A pioneering European food project is focusing on developing a new range of foods to appeal to cancer patients suffering from swallowing problems and loss of taste. For patients experiencing dysphagia or temporarily requiring a soft diet, a broad range of 3D printed meals and snacks have even been developed.
Itziar Tueros, Head of the Food and Health Department at AZTI (Spain) and project coordinator, said ONCOFOOD was launched to help those struggling with malnutrition and poor quality of life because of the effects of treatment. Tueros explained:
“One of the main challenges for cancer patients undergoing treatment is to prevent or mitigate malnutrition. Not all patients suffer from malnutrition, however, many do experience a reduction in their daily food intake due to adverse side effects, such as nausea-vomiting, loss of appetite, sores in the mouth, dysphagia [swallowing problems], taste, and smell alterations. This leads to a reduction in the pleasure of eating, thus a decline in their quality of life.”
Taste, Texture and Nutrition
The idea behind ONCOFOOD was to create a variety of food products that would appeal to cancer patients in their taste and texture. She said:
“The current clinical nutrition market offers different options for patients under risk of malnutrition, but they do not address the pleasure of eating, leading to a negative impact on their quality of life.”
The products take the form of fruit and vegetable snacks, served in pouch packs. Formulas have been adapted around nutritional requirements (protein, carbohydrates, vitamins, and minerals) as well as taste.
“For those patients experiencing dysphagia or temporarily requiring a soft diet, a broad range of 3D printed meals and snacks have been developed. Recipes have been developed using several pureed natural ingredients and specifically adapted for nutritional requirements and texturized for dysphagia.”
The Benefits of 3D Printing
Funded by EIT Food (European Institute of Innovation and Technology, European Union), ONCOFOOD is composed of a consortium of European companies, universities, and technology centers: AZTI, University of Warsaw, University of Reading, Maspex and Natural Machines. For their role in the project, Natural Machines developed and manufactured an innovative 3D food printer called Foodini. Tueros explained:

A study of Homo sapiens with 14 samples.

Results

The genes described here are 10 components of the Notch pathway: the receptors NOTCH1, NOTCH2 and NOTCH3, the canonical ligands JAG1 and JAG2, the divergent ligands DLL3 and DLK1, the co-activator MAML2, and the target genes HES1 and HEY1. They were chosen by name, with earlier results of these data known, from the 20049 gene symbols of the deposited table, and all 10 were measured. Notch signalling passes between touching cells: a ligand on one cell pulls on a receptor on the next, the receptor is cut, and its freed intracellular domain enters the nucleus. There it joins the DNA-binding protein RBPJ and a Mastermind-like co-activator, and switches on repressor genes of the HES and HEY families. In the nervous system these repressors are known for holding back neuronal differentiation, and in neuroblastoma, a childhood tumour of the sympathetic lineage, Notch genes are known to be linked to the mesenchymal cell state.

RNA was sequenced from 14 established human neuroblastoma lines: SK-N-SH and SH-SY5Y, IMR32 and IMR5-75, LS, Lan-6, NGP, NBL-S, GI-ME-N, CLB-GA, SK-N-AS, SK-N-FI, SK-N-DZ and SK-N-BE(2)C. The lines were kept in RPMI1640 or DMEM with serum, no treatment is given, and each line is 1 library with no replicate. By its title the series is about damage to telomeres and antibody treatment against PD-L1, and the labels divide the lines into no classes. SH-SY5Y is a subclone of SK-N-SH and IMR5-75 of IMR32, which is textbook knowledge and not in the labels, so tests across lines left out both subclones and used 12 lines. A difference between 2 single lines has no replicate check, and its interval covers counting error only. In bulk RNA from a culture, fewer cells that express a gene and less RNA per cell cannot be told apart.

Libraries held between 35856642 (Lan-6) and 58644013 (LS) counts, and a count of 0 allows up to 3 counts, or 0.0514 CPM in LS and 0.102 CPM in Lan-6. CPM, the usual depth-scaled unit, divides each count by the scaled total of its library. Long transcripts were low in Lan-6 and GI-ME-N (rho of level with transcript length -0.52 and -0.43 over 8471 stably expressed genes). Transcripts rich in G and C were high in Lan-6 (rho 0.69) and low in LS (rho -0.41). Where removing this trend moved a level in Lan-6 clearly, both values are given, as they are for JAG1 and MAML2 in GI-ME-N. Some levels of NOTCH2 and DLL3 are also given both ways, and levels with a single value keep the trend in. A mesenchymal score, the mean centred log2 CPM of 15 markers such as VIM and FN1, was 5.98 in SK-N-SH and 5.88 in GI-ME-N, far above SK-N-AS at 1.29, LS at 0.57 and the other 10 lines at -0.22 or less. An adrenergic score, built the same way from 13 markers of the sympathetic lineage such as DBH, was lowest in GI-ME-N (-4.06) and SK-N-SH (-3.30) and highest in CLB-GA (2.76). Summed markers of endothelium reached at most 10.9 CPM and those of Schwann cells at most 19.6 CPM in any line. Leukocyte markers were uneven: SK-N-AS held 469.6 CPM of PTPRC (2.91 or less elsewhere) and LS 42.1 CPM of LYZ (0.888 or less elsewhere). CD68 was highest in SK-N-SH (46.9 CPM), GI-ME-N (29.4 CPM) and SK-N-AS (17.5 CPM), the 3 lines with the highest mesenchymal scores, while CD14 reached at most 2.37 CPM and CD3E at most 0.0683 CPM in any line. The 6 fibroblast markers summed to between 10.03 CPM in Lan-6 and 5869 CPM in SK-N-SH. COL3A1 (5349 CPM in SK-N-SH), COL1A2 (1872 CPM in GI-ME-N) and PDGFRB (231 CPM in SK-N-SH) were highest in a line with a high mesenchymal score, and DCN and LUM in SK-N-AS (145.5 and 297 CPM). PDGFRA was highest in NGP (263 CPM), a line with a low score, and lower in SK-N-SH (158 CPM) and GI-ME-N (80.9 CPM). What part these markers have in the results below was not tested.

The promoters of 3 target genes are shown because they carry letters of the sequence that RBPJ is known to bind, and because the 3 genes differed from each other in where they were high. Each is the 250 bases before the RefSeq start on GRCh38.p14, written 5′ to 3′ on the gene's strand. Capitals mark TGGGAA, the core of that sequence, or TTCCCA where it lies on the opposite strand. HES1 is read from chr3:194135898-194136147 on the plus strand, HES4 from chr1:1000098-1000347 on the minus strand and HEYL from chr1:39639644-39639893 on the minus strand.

“The use of the 3D food printing technology, and particularly Foodini, presents some extra benefits for the end-user such as allowing a more personalized solution adapted for each patient’s needs and improving the appearance of food. 3D printed food, compared to pureed food, offers the possibility of separating different ingredients within the dish, allowing the patient to distinguish between different flavors introduced in multiple layers.”
“Moreover, we create a series of printing designs, inspired by artistic designs, to improve the appearance and avoid monotonous purees.”
The Importance of Food
Cancer-related malnutrition is highly prevalent in patients undergoing cancer treatment, especially those with head and neck or digestive cancers. The chemotherapy used to treat any type of cancer can cause taste and smell alterations, which are reported to be among the most distressing side effects, together with fatigue, nausea, vomiting and hair loss.
Poor nutritional status during cancer treatment weakens the patient and makes the administration of appropriate treatment difficult, leading to an increased length of hospital stay, reduced treatment tolerance and increased treatment side effects. The prognosis for cancer patients with weight loss is worse than for weight-stable patients.
ONCOFOOD expects to launch its products in 2022 or 2023. The hope is that the food might also be suitable for those suffering from other medical conditions. Tueros said:
“These might include those with neurological disorders, age-related physiological changes (taste and smell loss and swallowing disorders) or even for Covid-19 patients suffering from taste and small alterations.”